By Ikeugonna Eleke
A retired journalist, Mr Jerry Osegbo, has admonished civil servants to avoid fraudulent practices, saying that people working in the civil service can still afford a good life, without committing fraud in their offices.
Osegbo, a journalist with Anambra Broadcasting Service (ABS), stated this after a thanksgiving Mass at St Thomas Aquinas Catholic Church in Awka, where he celebrated his retirement from civil service.
Osegbo said, ‘Today, I’m thanking God for retiring from the civil service successfully. I progressed in the service according to the will of God, and I retired in good health, and without any blemish whatsoever, and I give thanks to God for this.
‘I thank Governor Willie Obiano for prompt payment of salaries, because I would not be celebrating today if I was not paid my salary. I’m a happy man. I want to tell people who see retirement as an evil thing not to do so.
‘Go and look at people who falsify their ages to avoid retirement, they hardly achieve much. What is key about civil service is planning; you have to plan yourself from the day you enter the service because you already know when you will retire, and you plan towards it.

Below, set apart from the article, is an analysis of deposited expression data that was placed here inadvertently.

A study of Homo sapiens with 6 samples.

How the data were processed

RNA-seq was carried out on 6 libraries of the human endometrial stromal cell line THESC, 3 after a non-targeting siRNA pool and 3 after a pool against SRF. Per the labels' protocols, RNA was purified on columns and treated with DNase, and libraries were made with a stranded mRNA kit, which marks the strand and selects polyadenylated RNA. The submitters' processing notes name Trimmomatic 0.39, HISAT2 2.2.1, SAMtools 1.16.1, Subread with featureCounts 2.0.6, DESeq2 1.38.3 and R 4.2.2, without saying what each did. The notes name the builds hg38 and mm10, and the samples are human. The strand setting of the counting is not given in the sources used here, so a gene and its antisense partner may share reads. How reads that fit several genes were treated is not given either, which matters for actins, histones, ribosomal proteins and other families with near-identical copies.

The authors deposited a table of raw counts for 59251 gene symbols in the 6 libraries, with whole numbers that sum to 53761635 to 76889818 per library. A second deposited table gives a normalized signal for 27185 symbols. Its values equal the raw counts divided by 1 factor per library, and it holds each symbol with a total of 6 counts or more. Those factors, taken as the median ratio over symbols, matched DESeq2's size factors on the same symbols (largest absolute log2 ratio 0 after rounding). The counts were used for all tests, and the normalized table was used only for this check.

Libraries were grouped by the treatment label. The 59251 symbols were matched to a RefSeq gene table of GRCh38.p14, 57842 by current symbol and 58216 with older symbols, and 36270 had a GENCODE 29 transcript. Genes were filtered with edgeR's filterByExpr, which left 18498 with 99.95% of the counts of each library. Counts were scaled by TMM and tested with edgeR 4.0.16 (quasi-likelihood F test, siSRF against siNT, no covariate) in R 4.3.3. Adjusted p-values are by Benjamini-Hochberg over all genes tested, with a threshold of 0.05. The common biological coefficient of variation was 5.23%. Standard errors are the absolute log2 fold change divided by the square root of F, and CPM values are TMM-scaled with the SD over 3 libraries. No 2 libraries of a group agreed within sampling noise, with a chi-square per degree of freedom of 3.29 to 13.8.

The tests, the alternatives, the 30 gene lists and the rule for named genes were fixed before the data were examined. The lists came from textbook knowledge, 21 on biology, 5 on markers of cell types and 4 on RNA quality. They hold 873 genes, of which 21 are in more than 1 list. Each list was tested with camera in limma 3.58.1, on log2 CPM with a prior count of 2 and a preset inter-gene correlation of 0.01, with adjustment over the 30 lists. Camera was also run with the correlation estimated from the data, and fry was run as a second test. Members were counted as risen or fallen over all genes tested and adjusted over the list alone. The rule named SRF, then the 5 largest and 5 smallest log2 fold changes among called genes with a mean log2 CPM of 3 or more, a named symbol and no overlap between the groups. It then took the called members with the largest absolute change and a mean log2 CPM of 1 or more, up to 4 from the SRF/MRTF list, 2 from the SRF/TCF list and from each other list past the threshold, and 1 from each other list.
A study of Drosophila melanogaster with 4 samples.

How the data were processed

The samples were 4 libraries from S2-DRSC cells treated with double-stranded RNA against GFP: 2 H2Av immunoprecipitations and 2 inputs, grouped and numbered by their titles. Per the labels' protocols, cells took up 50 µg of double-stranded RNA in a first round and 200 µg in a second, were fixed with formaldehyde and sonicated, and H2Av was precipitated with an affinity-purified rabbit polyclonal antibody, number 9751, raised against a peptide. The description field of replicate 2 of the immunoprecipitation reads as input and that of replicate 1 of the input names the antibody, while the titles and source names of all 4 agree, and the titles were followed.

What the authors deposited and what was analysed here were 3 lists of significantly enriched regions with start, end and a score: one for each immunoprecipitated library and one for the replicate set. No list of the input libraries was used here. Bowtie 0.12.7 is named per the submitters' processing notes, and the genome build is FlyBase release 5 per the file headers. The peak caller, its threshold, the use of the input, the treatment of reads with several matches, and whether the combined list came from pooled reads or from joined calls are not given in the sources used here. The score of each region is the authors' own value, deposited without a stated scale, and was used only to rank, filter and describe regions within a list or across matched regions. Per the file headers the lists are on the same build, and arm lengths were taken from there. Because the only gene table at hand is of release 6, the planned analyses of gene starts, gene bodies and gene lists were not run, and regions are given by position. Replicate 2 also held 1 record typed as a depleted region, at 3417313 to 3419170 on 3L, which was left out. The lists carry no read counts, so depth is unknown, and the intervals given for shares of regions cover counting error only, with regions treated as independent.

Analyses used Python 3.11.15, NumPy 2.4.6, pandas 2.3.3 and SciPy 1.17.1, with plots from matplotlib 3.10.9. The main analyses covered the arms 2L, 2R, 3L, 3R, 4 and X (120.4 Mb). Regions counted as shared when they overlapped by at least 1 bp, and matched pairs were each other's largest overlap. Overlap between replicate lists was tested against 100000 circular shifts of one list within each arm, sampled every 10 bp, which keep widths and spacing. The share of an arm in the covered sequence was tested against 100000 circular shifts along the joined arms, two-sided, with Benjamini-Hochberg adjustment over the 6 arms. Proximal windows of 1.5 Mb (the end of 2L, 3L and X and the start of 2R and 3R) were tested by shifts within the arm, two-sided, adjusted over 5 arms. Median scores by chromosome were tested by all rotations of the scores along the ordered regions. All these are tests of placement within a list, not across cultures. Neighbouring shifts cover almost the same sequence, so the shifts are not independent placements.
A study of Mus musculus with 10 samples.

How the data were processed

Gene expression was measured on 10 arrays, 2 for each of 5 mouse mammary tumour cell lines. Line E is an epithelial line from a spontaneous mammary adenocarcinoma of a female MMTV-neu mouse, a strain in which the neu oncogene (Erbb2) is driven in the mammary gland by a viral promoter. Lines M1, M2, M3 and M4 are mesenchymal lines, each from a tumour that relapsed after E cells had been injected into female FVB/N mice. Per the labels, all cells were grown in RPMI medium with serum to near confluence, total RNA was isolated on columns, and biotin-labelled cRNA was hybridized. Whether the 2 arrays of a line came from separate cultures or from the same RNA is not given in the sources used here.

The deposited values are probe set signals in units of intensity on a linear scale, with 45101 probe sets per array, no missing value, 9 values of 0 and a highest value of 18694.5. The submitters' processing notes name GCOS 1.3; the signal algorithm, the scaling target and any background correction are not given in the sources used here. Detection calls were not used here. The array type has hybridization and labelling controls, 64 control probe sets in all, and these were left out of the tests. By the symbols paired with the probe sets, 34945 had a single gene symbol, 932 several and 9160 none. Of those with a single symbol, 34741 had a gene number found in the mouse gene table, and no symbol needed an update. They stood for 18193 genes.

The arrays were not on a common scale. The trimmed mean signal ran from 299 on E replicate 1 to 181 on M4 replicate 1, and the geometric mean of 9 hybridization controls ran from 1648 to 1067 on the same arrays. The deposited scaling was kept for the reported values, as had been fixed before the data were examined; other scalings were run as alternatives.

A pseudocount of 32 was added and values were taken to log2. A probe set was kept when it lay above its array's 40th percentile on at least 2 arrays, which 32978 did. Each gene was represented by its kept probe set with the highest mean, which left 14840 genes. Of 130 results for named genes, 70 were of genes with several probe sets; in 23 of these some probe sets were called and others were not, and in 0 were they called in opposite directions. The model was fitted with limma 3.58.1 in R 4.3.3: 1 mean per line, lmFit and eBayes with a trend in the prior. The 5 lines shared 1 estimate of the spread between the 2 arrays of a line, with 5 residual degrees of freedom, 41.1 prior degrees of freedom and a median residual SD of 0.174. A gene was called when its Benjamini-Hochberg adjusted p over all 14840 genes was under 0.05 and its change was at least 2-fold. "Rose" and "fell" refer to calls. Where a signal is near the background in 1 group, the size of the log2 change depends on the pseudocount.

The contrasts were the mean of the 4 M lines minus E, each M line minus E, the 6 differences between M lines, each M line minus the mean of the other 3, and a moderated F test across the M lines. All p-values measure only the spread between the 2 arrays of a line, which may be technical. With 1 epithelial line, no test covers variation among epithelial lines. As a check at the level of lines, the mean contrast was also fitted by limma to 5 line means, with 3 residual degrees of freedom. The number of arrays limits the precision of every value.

‘You don’t have to emulate money bags, else you will commit fraud in your office. You can afford a good living with your salary, as a civil servant, except you want to compete with drug barons in terms of living.
‘As a civil servant, you can still afford a good living; get the basic necessities of life. You can get a house, you can get a car, you can also train your children in school. But the problem is your house, your car and your children’s school, must be within your salary, and you will be happy. Anything short of it, then you want to get into trouble,’ he counselled.
Journalists and other associates joined Osegbo to thank God for his retirement, while members of Catholic Charismatic Renewal – Jesus the Way Prayer Group, St Thomas Aquinas Catholic Church, also held a prayer session in his home to thank God further for his life in the service of the state.